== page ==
Representatives for the Redwood City, California-based video game publisher were not immediately available for comment. But a spokesperson for the company told the BBC this week that the EA "felt it was inappropriate and took the links down."
Logos for the various weapon manufacturers and retailers, along with descriptions of the guns in question, are still available on the “Warfighter” website, however.
“Medal of Honor: Warfighter” has already proved to be a controversial game for EA throughout a holiday season when the iconic U.S. game industry leader needed a hit military shooter to rival Activision Blizzard’s (Nasdaq: ATVI) “Call of Duty” franchise. Late in August, the company removed another feature from the “Warfighter” website that allowed users to shop for “Medal of Honor”-branded weaponry. And early in November, seven Navy SEALS were reprimanded for sharing sensitive information for their work on the game.
But video games like “Medal of Honor” have come under renewed fire in the aftermath of the school shooting in Newtown. In its first public statement since the tragedy last Friday, the National Rifle Association targeted video games as enabling and abetting a culture of violence that produces mass shootings in the U.S.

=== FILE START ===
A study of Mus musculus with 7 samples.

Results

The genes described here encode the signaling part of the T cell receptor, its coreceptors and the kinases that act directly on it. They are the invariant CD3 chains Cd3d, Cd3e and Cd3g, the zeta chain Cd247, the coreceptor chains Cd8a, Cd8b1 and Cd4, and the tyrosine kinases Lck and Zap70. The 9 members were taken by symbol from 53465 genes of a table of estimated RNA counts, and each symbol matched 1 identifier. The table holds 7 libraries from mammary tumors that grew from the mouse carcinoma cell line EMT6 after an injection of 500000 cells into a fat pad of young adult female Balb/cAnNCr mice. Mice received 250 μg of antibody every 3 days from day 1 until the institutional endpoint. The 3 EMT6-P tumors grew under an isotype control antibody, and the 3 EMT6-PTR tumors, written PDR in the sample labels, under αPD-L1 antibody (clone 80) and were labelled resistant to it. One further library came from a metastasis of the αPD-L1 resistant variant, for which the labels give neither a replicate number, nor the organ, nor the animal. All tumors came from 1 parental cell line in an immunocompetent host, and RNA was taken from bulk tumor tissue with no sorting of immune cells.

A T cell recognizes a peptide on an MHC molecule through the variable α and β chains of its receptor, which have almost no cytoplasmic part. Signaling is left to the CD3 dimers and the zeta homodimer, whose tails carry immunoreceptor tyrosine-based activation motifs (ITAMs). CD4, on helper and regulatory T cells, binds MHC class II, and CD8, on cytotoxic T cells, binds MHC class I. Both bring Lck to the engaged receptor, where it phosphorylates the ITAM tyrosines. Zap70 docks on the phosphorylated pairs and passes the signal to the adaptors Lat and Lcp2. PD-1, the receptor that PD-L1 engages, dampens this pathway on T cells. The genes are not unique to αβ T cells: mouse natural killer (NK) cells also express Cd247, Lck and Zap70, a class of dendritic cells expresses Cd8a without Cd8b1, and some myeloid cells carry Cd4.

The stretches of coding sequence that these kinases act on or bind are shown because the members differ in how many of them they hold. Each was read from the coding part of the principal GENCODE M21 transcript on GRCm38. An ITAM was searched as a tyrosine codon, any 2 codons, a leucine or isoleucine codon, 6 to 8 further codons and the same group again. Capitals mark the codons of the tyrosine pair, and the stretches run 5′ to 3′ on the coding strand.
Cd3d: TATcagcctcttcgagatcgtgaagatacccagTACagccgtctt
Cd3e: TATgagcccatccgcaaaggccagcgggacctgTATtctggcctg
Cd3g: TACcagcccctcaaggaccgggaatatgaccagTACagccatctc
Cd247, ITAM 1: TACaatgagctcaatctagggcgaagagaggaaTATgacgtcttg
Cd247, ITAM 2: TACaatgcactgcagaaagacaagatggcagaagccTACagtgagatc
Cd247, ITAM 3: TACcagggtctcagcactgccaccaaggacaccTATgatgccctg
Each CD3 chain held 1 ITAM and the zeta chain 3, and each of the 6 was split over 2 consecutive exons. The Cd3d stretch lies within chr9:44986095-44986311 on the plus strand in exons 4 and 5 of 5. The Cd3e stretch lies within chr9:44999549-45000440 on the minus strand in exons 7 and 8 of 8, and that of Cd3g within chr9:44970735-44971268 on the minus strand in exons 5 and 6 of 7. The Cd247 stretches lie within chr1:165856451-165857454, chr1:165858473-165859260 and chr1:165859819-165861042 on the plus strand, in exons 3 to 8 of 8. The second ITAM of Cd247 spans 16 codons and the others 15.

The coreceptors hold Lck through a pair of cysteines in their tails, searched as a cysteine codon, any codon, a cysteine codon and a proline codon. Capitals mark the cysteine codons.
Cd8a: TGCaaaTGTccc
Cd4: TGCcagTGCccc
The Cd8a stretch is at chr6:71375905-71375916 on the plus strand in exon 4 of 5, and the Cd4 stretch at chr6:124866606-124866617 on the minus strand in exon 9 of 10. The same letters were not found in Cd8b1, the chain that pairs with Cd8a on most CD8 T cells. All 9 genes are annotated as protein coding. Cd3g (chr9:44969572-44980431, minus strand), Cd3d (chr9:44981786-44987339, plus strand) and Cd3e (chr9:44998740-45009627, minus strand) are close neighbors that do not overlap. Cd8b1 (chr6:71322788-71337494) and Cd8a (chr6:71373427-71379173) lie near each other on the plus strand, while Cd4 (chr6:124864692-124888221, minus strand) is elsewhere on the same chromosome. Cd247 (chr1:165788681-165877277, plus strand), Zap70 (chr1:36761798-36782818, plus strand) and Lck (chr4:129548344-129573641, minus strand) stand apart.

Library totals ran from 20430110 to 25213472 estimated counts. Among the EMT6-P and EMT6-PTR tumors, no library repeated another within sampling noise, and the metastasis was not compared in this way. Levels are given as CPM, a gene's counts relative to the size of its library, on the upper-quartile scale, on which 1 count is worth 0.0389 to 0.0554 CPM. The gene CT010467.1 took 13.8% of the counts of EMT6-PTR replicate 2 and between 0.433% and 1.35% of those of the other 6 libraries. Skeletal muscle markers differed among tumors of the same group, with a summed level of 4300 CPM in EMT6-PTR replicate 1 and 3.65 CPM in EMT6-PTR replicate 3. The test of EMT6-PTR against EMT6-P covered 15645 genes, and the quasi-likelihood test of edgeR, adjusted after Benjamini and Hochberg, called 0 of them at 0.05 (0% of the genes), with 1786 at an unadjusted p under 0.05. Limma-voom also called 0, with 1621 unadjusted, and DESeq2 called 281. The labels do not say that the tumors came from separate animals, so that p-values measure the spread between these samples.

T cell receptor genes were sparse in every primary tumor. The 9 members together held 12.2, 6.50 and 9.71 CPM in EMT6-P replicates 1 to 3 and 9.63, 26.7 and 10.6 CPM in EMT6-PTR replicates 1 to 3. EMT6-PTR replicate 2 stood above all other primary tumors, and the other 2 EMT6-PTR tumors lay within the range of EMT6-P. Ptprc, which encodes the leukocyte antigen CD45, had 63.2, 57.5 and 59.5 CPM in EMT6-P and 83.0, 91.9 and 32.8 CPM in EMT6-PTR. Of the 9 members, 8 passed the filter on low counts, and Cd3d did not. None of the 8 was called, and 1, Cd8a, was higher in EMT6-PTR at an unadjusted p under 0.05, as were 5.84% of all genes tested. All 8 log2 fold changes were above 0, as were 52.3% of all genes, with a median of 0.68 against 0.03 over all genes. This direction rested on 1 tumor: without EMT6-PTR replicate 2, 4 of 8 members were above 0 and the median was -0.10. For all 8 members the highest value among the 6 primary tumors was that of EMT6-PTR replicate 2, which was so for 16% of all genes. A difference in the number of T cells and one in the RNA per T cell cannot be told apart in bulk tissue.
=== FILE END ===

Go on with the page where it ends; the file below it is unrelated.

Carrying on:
"There exists in this country, sadly, a callous, corrupt and corrupting shadow industry that sells and stows violence against its own people," NRA vice president Wayne LaPierre said at last week’s press conference. “Through vicious violent video games, with names like Bulletstorm, Grand Theft Auto, Mortal Kombat and Splatterhouse. And here’s one: It’s called Kindergarten Killers. It’s been online for 10 years. How come my research staff can find it, and all yours couldn’t, or didn’t want anyone to know you’ve found it?”
Renewed study into the possible connection between violent video games and real-world violent behavior is among the proposals currently under consideration by a special panel led by vice president Joe Biden to investigate new ways to curb gun violence in the U.S.